I actually finished this game a couple of days ago, but I've been deliberating on what to say about it. It's very short, I'm going to tell you the whole plot in one sentence, so if you plan on ever playing it, fair warning. A girl in college meets a guy in an MMO, they decide to meet (for sex), then he dumps her.
As for game mechanics, there basically are none. The story is told in three acts, and each one has a phase of exploring the desktop, then a phase of clicking through the MMO. You aren't given any choices, and the story is completely linear. I suppose a little bit of context with the side characters would be lost if you didn't go poking through her files, but that's about it.
If I had to re-categorize it, I would say it is an interactive series of journal entries. I think in this context I would give it a much higher rating, but I'm not sure if Cibele even qualifies as a game. To it's credit, I really have been sitting here trying to answer the question of what the qualifications of a game even are. I guess there is no denying this is a piece of art, possibly poorly marketed as a game.
Hypothetical questions aside, this was sold to me as a game and I'm critiquing it as such. A reminder that everything I write on this site is my subjective opinion, also. Which leads me to gameplay. Like I touched on, there pretty much is none. During the MMO sections, you click on enemies and the avatar will auto attack until the boss appears. During the desktop sections it's really just how you would imagine looking through someone else's desktop would be, except the windows don't behave like you expect them to.
The story I said is pretty brief. You pick up some background through snippets of chat dialogs that Nina, the protagonist, has saved in folders. There are also selfies, pictures of friends, fan art, files from a long-forgotten website, and poetry. As the game progresses the selfies get racier as does the poetry. While playing the MMO sections, Nina chats with Blake, the man she is falling in love with, and this is where the plot progresses. They start out casually flirty, and eventually are exchanging "I love you." The dialog between them is cringe inducing, listening to them tell each other how hot they think the other is was just… the worst. The guy is waving red flags at her all day and her response is to insist that they meet. Well, okay I guess. It's not like I've never made a stupid decision relating to a guy. After they meet and have sex, he tells her it was a mistake and he doesn't love her, and leaves. Then, the game crashes, so you have to play the third act again… wait, that wasn't intended? Anyway, that was the end of the story. There's no real resolution, which I suppose is how life goes sometimes but, it really does leave you unsatisfied.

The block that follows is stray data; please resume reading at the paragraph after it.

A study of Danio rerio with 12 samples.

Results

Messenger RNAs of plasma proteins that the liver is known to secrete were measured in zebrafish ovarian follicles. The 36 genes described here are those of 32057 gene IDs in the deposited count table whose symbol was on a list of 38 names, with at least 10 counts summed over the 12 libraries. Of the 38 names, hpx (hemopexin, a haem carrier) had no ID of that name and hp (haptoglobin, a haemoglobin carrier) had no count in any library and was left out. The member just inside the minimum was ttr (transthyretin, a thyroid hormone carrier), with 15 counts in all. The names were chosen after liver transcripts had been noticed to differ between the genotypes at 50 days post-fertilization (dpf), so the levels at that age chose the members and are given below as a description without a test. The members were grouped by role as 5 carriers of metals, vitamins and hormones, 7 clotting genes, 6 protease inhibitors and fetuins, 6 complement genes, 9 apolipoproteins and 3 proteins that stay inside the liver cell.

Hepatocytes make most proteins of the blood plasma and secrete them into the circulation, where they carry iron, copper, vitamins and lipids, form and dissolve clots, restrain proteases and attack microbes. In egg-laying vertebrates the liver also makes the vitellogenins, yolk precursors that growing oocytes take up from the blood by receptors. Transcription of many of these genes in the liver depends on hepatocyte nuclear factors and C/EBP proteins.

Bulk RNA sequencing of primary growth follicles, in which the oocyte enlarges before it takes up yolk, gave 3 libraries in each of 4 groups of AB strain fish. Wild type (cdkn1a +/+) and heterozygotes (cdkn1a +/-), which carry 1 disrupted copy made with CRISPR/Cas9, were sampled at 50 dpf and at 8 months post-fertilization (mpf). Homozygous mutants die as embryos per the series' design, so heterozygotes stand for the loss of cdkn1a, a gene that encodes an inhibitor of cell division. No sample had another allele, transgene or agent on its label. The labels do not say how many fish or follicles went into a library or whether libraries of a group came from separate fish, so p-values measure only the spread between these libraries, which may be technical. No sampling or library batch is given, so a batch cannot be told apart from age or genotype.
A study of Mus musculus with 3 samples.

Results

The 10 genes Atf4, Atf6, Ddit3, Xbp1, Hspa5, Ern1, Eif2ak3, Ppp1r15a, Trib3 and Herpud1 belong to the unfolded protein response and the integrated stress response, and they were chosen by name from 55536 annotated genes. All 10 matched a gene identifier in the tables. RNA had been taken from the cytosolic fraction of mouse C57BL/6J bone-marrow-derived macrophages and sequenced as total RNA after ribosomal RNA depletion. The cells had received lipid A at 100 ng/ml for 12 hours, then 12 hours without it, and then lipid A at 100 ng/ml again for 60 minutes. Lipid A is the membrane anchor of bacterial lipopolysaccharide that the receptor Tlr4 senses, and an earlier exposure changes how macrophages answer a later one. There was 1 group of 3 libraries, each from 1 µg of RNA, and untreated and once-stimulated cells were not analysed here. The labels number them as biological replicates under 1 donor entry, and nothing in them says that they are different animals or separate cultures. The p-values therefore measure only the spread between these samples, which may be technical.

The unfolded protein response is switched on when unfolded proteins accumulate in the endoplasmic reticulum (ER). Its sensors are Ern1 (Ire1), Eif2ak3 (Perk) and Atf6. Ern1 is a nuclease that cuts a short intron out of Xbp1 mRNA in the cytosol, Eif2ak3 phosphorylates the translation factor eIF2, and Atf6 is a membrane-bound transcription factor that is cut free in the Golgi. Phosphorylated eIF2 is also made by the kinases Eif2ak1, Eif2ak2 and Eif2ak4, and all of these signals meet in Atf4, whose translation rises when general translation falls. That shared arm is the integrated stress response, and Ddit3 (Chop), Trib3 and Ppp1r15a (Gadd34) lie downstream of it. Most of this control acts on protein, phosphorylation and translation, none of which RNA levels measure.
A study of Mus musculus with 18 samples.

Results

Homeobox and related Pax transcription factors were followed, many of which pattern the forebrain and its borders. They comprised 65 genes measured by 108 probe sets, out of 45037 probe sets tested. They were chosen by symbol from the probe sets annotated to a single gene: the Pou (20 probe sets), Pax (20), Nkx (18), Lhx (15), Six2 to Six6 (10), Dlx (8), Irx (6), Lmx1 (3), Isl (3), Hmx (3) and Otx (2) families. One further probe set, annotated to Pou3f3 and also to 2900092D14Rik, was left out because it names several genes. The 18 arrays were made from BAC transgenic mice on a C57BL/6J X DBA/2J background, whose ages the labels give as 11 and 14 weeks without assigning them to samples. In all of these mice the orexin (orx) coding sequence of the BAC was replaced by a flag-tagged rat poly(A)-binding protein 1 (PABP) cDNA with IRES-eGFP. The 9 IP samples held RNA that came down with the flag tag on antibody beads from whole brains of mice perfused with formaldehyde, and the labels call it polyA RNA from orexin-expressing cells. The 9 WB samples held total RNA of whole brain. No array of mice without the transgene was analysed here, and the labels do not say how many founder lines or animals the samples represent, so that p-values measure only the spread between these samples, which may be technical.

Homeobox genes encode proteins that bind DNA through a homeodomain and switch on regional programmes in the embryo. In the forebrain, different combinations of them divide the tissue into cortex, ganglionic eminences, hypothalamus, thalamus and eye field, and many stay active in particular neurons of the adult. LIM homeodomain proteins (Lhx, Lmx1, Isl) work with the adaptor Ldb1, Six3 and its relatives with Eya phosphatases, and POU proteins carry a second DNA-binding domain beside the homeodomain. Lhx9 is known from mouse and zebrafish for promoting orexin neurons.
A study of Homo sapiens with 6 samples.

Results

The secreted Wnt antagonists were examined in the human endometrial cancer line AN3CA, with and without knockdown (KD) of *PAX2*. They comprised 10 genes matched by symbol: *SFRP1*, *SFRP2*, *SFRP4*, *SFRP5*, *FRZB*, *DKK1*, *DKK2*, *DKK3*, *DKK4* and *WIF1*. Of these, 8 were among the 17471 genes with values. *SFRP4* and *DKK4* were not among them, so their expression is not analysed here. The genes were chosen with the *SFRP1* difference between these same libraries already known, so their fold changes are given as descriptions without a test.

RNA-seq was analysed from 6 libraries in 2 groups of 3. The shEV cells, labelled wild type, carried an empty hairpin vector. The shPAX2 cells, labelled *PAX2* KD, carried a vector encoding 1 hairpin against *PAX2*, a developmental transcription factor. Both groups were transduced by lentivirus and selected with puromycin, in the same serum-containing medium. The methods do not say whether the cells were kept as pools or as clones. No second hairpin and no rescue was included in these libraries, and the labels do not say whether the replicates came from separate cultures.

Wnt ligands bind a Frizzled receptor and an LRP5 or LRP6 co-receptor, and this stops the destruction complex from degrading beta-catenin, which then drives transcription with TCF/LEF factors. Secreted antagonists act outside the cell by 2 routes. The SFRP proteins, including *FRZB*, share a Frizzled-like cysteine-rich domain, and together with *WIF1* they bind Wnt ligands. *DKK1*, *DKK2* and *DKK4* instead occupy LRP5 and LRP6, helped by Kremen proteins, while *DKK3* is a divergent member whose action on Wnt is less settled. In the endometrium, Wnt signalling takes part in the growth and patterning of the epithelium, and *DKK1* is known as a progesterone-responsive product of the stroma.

After I finished this game I looked it up on Wikipedia hoping for some context. The only context I got somehow made my opinion of this game worse: The main character is played by the game designer and was something she wrote detailing actual events in her life when playing FFXI. She didn't even change her name, this was meant to be completely autobiographical. It raised so many more questions for me. If you wrote this about your own experience, don't you detail a little more how it made you feel? Don't you leave a message for young women going through similar experiences? I guess these things are not mandatory to do, but the ambiguity of it all left me really wondering what she was trying to say, if anything at all. Why did she want us to relive this particular chapter of her life? Why did she include so many pictures of herself in nothing but underwear? Is it just me, missing some point because in a way I am too close to it?
To wrap it up, I want to say, this game was very hard to review. I wanted to like it. I support women talking about their unique online experiences and other aspects of their lives. I related a lot to Nina and her website files really could have been copy and pasted from my own ancient websites. We are even close in age. I sympathize with the heart break and have certainly met men like Blake. I can't put my finger on it, but I guess this wasn't a story I wanted to be told, having lived similar things myself. There was no unique point of view, no resolution. It just made me sad.
PS - I disagree with all the negative reviews on Steam that mention the characters being shallow. Taking pictures of yourself and enjoying being told you're good looking doesn't make you shallow. I also spent a lot of time reading positive reviews on Steam and I certainly think they are deserved. Almost all of them mention self reflection or relate to the characters in a personal way. I am not going to change my rating, but I suppose there is something to be said for the amount of thinking I did after playing this. It was a lot, I finished the game two days ago!
PPS - From a technical standpoint, I don't think this game was well developed, and I forgot to talk about it, because I was too worried how to talk about everything else, and it greatly affected the score. This damn game crashed twice on me which is two times too many for a two hour game. The desktop navigation was kind of annoying, sometimes windows would open under each other. The MMO sequences were all point and click and yet the pathing was not great, I kept getting stuck on corners. There was nothing else to do, how do you mess up the pathing? Not to mention, I had to mess with the file structures to get the game to even open in Steam.
PPPS - Nina Freeman's wiki article sounds like a fan wrote it. Ok, I'm done.